Grace Hilliard-Koshinsky has woven a life at the intersection of art and child welfare. She herself is a former foster child and adoptee from the Ohio child-welfare system. “For most people, those are two disparate professions, but they are actually very connected for me,” she said.
Since graduating from Columbus College of Art & Design with a Fine Arts degree in 2009, Hilliard-Koshinsky has gone on to pursue art and creativity through many channels — she teaches metalsmithing, she is a sculptor and sometimes a painter, and has multiple roles in nonprofit organizations that support and advocate for current and former foster youth. She doesn’t do the term “day job.”
“I understand where people are coming from when they think of what it’s like to be an artist," she said. "But that’s not how I divide my life, and I would encourage people not to do so either, because it’s really limiting."
“Kelly was extremely formative,” Hilliard-Koshinsky said. “She was someone who was talking about objects and putting the pieces we were making into historical context. You can’t just ignore that part as far as how people are reading your work.”
Most of the objects Hilliard-Koshinsky creates today are made of metal. She discovered metalsmithing at CCAD, with Malec-Kosak, and focused on it during her master’s degree work at the University of Massachusetts Dartmouth. “I’m a metalsmith from a steel town,” she said. She’s the kind of person who took photos of “crusty, beautiful pieces of rust” on a road trip through Pennsylvania to Niagara Falls. Her objects often contemplate the tension between permanence (the material) and transience (the shape of a duffel bag or suitcase). It’s heavy stuff — literally and symbolically. She turns to two-dimensional work sometimes (watercolors, portraits) as “a respite or deep inhale/exhale. Portraits are about appreciating people and reveling in that.”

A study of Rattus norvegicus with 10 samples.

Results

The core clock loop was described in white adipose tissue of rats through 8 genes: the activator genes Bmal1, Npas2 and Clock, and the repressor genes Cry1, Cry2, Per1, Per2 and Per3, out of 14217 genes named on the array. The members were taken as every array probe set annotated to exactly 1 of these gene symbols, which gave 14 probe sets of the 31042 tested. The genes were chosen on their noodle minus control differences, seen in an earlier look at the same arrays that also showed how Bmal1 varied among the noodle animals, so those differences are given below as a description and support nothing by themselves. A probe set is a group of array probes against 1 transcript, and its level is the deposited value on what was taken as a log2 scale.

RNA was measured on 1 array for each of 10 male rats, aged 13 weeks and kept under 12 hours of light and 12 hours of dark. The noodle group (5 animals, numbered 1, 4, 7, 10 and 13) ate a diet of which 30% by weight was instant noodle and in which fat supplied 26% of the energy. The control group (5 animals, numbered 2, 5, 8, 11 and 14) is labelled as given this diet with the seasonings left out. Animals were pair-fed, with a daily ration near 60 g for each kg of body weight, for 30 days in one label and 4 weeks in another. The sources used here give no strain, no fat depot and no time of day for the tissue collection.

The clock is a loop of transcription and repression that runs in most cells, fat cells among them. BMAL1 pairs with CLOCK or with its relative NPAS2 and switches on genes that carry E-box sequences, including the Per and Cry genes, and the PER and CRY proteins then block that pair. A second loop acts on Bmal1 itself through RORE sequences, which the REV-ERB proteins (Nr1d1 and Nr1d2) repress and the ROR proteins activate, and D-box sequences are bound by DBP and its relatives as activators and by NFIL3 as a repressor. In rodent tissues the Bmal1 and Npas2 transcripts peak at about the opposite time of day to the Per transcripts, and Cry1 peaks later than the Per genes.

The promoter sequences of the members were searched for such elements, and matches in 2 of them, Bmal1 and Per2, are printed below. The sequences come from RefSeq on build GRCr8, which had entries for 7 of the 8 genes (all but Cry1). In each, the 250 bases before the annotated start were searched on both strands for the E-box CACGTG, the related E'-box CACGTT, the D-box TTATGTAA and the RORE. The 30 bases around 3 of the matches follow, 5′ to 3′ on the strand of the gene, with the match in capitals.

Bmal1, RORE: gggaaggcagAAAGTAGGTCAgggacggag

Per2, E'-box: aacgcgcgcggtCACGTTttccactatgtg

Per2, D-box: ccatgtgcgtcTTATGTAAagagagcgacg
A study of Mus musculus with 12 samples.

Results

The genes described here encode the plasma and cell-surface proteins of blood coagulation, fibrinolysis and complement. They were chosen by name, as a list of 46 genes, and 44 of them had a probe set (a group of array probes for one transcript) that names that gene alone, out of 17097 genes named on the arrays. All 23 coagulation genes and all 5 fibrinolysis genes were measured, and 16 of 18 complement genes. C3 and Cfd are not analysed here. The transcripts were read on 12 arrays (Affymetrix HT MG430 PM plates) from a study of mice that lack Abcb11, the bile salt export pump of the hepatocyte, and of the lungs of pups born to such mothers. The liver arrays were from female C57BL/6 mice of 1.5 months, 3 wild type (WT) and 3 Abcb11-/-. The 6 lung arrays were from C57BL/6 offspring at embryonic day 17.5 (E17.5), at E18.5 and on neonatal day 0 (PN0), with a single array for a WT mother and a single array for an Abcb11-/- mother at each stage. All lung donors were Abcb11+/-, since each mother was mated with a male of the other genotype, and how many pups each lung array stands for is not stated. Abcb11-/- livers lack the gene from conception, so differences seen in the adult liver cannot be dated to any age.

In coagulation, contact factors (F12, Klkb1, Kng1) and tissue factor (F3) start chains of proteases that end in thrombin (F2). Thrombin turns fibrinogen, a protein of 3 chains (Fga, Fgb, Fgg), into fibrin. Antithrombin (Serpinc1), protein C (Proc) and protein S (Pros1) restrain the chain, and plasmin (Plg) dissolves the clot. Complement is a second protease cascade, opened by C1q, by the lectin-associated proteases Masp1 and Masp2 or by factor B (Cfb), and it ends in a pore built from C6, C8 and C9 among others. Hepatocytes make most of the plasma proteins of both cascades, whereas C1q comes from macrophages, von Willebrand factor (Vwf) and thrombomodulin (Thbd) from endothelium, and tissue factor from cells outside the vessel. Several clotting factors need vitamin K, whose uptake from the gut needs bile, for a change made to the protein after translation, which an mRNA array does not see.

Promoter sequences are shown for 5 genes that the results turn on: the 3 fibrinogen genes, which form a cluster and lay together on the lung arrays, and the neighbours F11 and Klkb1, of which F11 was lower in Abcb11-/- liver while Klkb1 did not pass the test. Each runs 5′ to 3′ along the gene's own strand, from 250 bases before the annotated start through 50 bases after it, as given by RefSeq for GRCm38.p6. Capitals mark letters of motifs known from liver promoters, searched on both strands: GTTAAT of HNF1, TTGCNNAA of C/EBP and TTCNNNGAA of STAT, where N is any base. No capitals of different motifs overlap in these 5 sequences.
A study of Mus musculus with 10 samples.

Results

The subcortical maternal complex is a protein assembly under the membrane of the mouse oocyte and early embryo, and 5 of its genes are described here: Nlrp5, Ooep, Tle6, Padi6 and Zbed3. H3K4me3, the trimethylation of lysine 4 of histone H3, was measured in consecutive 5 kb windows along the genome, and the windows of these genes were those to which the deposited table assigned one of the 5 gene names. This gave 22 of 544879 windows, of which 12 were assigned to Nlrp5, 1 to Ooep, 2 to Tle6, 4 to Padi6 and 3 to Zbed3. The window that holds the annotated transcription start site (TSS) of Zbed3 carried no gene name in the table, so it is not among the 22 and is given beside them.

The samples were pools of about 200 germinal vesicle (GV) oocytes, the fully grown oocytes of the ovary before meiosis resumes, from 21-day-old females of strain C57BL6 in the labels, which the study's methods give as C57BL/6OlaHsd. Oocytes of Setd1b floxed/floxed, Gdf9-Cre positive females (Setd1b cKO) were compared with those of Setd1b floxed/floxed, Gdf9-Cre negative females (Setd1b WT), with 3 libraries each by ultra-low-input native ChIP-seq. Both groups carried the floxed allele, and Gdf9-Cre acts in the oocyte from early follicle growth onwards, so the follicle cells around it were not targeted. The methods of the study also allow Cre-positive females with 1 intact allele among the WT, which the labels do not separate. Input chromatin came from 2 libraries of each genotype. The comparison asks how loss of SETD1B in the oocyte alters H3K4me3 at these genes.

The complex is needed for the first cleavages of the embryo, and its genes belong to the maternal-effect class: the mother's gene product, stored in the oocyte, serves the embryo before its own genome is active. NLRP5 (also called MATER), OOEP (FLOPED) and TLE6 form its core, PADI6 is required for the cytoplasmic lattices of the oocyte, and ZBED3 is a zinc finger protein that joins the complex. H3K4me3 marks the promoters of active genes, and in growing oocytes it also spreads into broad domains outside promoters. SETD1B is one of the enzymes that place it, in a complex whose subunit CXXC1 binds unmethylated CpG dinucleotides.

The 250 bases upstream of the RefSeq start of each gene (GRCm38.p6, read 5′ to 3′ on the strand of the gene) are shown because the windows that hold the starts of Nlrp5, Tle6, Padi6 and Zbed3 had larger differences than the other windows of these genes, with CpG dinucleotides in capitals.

Hilliard-Koshinsky entered graduate school believing she would be a jeweler. But her thesis advisor encouraged her to loosen her grip and instead allow her practice to lead her.
“I don’t think anyone should go to graduate school unless they’re prepared to cash in a several-years commitment for intense personal introspection,” she said. “My work is about being estranged from community and experiences. Grad school also forced me to talk about things I wasn’t comfortable with. What is the heart of the matter? If you haven’t resolved that, you can’t talk to other people. If you can’t resonate with people, you’re just making art for art’s sake.”
Hilliard-Koshinsky is closing out the most lucrative year yet for her sculpture practice; she made more this year than any previous year, mostly on commissions won through years of building a strong professional network. How does she keep all her many proverbial balls in the air? She’s devised a color-coding system that lets her see how her hours are being spent.
“You can’t just expect that things are going to happen if you don’t make time. I’m the kind of person who will fit in going to the studio between 4 and 7 a.m. It sustains me; it doesn’t drain me,” she said. “You have to be a project manager of your life. I guess for me it’s about living intentionally.”